Reporter: Rodney Lohse
Program: Today Tonight
Broadcast Date: August 30, 2010

A hygiene blitz has named and shamed Australia’s restaurants caught preparing food in filthy conditions.

The eateries use out-of-date ingredients and their premises are infested with pests. It’s no wonder councils around the country are cracking down on hygiene with repeat offenders firmly in their sights.
Especially when you consider that of the 5.4 million Australians poisoned by bad food every year, 120 will die.
One of Brisbane’s most popular hotels, The Fox, was found to be infested with cockroaches and maggots – rotting meat was found festering at room temperature.
A hot bread shop was found using its kitchen as a garage for a bike. The floor was used as storage space for cooking equipment.
Brisbane’s Buffet Garden has also been named as failing to meet hygiene standards along with the K and K Fresh Food Market.
One Asian food house was caught washing containers of raw meat in its own hand basin.
Mice faeces were found on equipment in Kim Than’s hot bread shop – the equipment had not been washed in months.
And poor hygiene is not only limited to small restaurants. Surprisingly, some of the biggest names on the retail landscape have come under the microscope.
A McDonalds outlet in Minto, NSW, was penalised this year for harbouring maggots and failing to keep the restaurant clear of garbage.
In a statement, McDonalds told Today Tonight the hygiene issues were “rectified immediately” and that such situations were a “rarity”. They added hygiene and food safety was of the highest priority to their business.
In a Sydney Dominos outlet authorities found cockroaches were rampant. A KFC outlet in Sydney’s south has recorded eight guilty convictions since 2007 in relation to cleanliness and hygiene. Another KFC had live cockroaches on its premises.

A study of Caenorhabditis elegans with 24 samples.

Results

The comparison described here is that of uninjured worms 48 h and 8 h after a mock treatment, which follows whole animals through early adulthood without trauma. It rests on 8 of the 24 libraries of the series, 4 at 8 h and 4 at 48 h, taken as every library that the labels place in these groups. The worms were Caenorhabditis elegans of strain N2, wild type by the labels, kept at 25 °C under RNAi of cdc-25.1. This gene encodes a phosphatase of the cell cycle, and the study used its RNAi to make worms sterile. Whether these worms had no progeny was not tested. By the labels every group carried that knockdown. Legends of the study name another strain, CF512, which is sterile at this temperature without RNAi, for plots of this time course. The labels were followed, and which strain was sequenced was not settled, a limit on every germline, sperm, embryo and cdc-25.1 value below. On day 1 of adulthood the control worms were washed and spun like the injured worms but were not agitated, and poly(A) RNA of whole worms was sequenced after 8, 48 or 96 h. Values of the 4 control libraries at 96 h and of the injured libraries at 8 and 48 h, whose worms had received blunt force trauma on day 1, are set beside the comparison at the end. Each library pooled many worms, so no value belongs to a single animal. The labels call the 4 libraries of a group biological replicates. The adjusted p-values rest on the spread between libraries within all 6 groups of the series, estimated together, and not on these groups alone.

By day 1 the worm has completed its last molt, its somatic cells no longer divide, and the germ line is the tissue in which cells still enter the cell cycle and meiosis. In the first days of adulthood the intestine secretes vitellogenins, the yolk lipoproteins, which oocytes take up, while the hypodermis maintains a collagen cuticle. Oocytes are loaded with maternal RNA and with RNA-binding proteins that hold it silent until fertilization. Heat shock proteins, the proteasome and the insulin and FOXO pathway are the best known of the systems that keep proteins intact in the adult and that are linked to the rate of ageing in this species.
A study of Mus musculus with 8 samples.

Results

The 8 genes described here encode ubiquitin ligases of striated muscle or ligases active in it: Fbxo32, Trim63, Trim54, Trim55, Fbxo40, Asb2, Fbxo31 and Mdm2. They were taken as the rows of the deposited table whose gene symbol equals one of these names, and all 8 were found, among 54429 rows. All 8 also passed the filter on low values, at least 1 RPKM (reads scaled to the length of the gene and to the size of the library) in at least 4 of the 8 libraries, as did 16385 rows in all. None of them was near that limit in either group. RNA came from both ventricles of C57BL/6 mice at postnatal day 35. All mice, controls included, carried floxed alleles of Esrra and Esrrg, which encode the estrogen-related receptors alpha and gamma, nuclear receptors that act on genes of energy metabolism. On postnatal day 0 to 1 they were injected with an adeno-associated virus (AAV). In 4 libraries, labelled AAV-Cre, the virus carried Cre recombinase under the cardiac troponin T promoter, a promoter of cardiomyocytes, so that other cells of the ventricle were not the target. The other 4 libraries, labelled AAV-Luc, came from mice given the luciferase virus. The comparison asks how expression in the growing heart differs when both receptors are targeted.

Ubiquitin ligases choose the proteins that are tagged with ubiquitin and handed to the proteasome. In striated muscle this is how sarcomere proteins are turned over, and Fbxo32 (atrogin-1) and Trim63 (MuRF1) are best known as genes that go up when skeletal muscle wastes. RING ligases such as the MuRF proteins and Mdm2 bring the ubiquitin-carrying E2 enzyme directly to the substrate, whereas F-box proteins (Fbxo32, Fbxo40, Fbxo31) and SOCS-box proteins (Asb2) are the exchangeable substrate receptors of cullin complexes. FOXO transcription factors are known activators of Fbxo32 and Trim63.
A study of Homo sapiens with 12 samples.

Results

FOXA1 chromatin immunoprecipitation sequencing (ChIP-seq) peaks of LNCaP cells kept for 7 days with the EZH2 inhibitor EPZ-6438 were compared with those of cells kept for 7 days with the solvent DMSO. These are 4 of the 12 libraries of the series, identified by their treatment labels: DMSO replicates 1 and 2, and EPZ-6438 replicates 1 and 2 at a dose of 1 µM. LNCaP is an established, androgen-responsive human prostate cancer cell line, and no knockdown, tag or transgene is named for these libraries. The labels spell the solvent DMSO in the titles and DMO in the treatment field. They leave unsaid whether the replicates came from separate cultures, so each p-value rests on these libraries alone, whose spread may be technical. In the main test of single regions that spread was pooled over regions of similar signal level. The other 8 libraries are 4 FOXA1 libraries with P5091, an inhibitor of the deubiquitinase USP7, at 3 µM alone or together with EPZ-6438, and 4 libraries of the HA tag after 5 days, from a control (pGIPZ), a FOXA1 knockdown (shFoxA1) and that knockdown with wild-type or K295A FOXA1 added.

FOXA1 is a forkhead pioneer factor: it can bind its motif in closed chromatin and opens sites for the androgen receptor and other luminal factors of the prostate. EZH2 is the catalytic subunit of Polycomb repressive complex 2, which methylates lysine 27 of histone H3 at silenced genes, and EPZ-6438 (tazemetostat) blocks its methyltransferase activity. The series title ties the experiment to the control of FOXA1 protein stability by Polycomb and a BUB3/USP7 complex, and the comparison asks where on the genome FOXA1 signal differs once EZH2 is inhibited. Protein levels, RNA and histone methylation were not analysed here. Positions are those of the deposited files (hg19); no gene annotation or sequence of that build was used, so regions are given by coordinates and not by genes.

They’ve been named along with other offending restaurants on a central register, part of the NSW Food Authority’s fight against unsafe food practices.
The site has attracted four million hits since it opened two years ago.
Primary Industries Minister, Steve Whan, says the list doesn’t discriminate. Big or small, the reputations of restaurants and eateries everywhere are on the line.
Brisbane City Council have had enough. Lord Mayor Campbell Newman has declared war on dirty restaurants.
“I think it’s disgraceful that people would be so cavalier in the way they treat their customers. It’s really out of step with community standards – that’s why we’ve determined this new scheme to help industry lift their game,” Mr Newman said.
“The good thing though is that we’ve caught those people and they are a small minority.”
Brisbane will soon have a points system introduced to help diners know which restaurants, cafes, and food outlets are practising the highest standards of food safety handling.
A Dominoes restaurant in Mount Gravatt in Brisbane was found guilty of 20 breaches of the food act. The breaches, which occurred in 2008, included 20 to 25 cockroaches observed in the store’s preparation area, more cockroaches and cockroach eggs under a bench and more in the cold room and other areas.
But the Council fines paled in comparison to Dominoes action – they sacked management.
CEO of dominoes, Don Meij: “We have a zero tolerance of anything that has to do with food safety – we have a very high standard – a strong program to reinforce that. We have a zero tolerance policy to anything that might happen that’s unsafe in anyway in our business.”
In one case, a cockroach was found in a meal. The only visible cockroach trap was under a desk in an office and that trap was found to be full of dead cockroaches.
In Melbourne, takeaway lovers are eating blind. In that city there is no name and shame list.
But the department of health is working on it – the Food Act is undergoing changes so a register of convictions will be available in six months.